Question Video: Determining Work Function Using a Graph of Electron Energy versus Photon Energy Physics • 9th Grade

The graph shows the maximum kinetic energy of photoelectrons when different metals are illuminated with light of different frequencies. Which metal has the lowest work function? Which metal has the highest work function?


The graph shows the maximum kinetic energy of photoelectrons when different metals are illuminated with light of different frequencies. Which metal has the lowest work function? Which metal has the highest work function?

Looking at our graph, we see that the maximum kinetic energy of electrons ejected from metal surfaces is plotted against photon energy. The idea is that we have metal of some type, whether cesium, calcium, aluminum, beryllium, or platinum, and photons of various frequencies are incident on that metal. If an incident photon has enough energy, then when it’s absorbed by the metal, it will cause the ejection of an electron from that surface. The minimum amount of energy required for a photon to cause that electron ejection is called the work function of the metal.

We can think of the work function as an energy barrier that an electron must overcome in order to leave the surface. According to our graph, the work function varies for our different metals. Something important about the work function is that it’s the very minimum amount of energy required to eject an electron from a surface.

In identifying the work functions of the metals on our graph, we want to look for the energies at which these metals will emit an electron, but one with zero kinetic energy. These energies occur where our five lines meet the horizontal axis. It’s these photon energies which, if transferred to these five different types of metals, would just barely eject an electron from that surface. The electron would no longer be part of the metal, but it wouldn’t be moving.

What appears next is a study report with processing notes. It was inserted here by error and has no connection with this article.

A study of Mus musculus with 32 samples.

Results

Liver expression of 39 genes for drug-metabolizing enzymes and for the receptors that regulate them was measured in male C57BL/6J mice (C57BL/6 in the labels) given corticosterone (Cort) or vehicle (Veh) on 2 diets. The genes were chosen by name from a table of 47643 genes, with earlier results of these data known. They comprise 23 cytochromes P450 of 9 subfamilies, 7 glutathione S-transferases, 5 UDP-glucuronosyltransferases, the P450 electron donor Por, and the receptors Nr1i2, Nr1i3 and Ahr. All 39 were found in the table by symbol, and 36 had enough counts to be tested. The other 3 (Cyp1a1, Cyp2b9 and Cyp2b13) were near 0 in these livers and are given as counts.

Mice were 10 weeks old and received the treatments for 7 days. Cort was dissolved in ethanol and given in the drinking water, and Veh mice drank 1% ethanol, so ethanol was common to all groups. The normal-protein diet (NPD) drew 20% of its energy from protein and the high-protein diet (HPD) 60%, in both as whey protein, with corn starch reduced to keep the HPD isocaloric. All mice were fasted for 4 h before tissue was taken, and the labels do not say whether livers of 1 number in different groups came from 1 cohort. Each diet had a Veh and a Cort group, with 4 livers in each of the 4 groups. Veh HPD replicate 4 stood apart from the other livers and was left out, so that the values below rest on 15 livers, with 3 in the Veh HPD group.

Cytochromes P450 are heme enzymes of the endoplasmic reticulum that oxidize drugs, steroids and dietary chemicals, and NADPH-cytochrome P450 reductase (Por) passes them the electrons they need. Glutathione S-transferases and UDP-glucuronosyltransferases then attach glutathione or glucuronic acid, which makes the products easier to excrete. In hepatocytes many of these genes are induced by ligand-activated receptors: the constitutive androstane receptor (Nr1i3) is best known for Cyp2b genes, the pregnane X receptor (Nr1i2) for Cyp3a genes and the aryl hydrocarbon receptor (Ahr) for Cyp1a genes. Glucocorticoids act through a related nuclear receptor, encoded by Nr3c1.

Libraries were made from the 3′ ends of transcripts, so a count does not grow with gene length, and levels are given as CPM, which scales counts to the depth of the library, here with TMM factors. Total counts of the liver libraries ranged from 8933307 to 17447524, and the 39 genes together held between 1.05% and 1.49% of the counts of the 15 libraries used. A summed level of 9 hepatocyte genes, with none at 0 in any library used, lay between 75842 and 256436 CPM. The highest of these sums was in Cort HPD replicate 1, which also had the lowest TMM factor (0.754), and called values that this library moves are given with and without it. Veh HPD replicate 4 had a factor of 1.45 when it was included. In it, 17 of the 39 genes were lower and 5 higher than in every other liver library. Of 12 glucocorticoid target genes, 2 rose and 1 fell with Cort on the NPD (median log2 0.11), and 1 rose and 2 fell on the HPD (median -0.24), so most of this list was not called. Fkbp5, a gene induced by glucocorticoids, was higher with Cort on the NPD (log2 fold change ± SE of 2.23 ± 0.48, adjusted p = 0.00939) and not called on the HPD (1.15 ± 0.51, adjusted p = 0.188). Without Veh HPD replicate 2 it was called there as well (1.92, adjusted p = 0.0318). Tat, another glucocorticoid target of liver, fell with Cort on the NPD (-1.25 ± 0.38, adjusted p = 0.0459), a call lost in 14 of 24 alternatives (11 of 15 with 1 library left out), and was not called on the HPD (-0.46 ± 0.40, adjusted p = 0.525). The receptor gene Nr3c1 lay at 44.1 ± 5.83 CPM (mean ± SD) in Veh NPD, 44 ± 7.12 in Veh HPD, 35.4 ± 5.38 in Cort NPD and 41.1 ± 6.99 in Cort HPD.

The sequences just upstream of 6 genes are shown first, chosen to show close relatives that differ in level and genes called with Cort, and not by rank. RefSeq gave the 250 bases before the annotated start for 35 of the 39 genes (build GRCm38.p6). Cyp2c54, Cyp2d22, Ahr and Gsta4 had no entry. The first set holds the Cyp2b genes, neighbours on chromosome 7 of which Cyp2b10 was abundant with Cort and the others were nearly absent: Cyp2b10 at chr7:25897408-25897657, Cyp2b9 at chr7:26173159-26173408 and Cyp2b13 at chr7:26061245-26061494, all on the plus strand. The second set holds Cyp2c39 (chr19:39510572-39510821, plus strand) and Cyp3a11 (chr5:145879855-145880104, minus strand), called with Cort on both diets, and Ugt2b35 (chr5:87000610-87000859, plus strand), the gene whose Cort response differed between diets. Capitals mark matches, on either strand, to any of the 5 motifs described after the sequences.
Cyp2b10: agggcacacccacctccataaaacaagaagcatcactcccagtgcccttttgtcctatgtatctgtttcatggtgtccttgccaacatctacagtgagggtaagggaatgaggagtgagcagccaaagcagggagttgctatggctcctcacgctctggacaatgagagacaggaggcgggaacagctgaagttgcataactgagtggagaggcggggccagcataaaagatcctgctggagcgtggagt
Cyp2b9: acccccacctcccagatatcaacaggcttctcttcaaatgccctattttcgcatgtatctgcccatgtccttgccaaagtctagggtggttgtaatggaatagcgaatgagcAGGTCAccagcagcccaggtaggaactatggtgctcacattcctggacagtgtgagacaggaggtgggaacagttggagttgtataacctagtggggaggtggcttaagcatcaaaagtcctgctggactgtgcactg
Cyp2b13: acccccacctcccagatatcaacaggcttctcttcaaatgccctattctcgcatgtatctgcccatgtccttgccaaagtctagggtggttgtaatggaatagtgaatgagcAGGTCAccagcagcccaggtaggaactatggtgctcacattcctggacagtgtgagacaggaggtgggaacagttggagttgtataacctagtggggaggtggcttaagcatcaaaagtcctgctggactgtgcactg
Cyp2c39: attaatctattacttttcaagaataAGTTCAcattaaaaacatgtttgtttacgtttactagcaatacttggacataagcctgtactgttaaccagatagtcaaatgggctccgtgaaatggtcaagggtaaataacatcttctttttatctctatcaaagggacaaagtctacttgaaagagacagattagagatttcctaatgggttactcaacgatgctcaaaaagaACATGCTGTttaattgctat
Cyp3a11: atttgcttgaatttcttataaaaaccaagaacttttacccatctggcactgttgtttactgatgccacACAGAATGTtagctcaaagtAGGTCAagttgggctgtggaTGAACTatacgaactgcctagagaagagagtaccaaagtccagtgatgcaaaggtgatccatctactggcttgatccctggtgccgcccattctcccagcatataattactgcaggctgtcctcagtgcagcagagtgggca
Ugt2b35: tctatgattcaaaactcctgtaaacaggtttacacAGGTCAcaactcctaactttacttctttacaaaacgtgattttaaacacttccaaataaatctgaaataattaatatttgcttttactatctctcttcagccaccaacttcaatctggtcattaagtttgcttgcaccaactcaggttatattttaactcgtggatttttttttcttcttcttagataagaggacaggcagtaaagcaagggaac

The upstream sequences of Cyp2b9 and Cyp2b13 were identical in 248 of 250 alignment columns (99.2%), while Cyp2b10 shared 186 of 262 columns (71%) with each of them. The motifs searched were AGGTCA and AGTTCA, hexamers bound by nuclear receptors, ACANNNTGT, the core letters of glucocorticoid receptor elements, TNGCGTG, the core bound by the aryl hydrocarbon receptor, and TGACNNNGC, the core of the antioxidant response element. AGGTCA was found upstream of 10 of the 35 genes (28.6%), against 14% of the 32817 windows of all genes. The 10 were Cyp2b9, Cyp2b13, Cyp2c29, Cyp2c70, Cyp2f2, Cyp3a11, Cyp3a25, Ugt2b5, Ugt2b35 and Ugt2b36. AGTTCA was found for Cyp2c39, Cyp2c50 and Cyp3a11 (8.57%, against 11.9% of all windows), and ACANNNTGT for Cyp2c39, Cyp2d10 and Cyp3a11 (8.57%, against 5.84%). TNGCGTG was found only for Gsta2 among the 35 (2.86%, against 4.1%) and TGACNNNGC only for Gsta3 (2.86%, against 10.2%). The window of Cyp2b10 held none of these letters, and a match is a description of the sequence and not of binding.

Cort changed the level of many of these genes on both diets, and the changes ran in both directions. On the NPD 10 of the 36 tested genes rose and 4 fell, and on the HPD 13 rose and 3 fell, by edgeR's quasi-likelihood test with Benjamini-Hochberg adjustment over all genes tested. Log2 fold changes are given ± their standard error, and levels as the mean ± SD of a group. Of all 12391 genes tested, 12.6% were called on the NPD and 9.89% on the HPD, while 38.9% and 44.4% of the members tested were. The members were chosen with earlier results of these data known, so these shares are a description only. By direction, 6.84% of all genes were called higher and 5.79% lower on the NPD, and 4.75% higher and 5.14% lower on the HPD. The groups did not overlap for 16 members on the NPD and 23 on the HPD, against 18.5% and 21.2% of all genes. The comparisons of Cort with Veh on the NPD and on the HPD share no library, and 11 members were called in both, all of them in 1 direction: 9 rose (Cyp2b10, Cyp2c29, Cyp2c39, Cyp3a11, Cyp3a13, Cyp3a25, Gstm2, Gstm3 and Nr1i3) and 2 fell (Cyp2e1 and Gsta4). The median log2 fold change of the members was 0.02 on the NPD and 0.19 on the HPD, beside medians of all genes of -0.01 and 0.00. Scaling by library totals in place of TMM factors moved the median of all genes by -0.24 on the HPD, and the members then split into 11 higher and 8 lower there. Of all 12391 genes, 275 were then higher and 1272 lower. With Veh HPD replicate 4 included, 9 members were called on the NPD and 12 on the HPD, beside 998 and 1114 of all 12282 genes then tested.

The first part of our question asks, which metal has the lowest work function? This is the metal that will require the least amount of photon energy to eject an electron. Of our five metals, we see that cesium has the lowest work function. The curve for this metal intersects the horizontal axis at a smaller value than any of the other metals. So cesium has the lowest work function of all the metals.

And now we want to know which metal has the highest work function. This will be the metal whose curve intersects the horizontal axis at the highest value. And we see that this corresponds to platinum. The lowest work function of our metals then belongs to cesium with a value of about 2.1 electron volts, while platinum has the highest work function with a value of about 6.3 electron volts.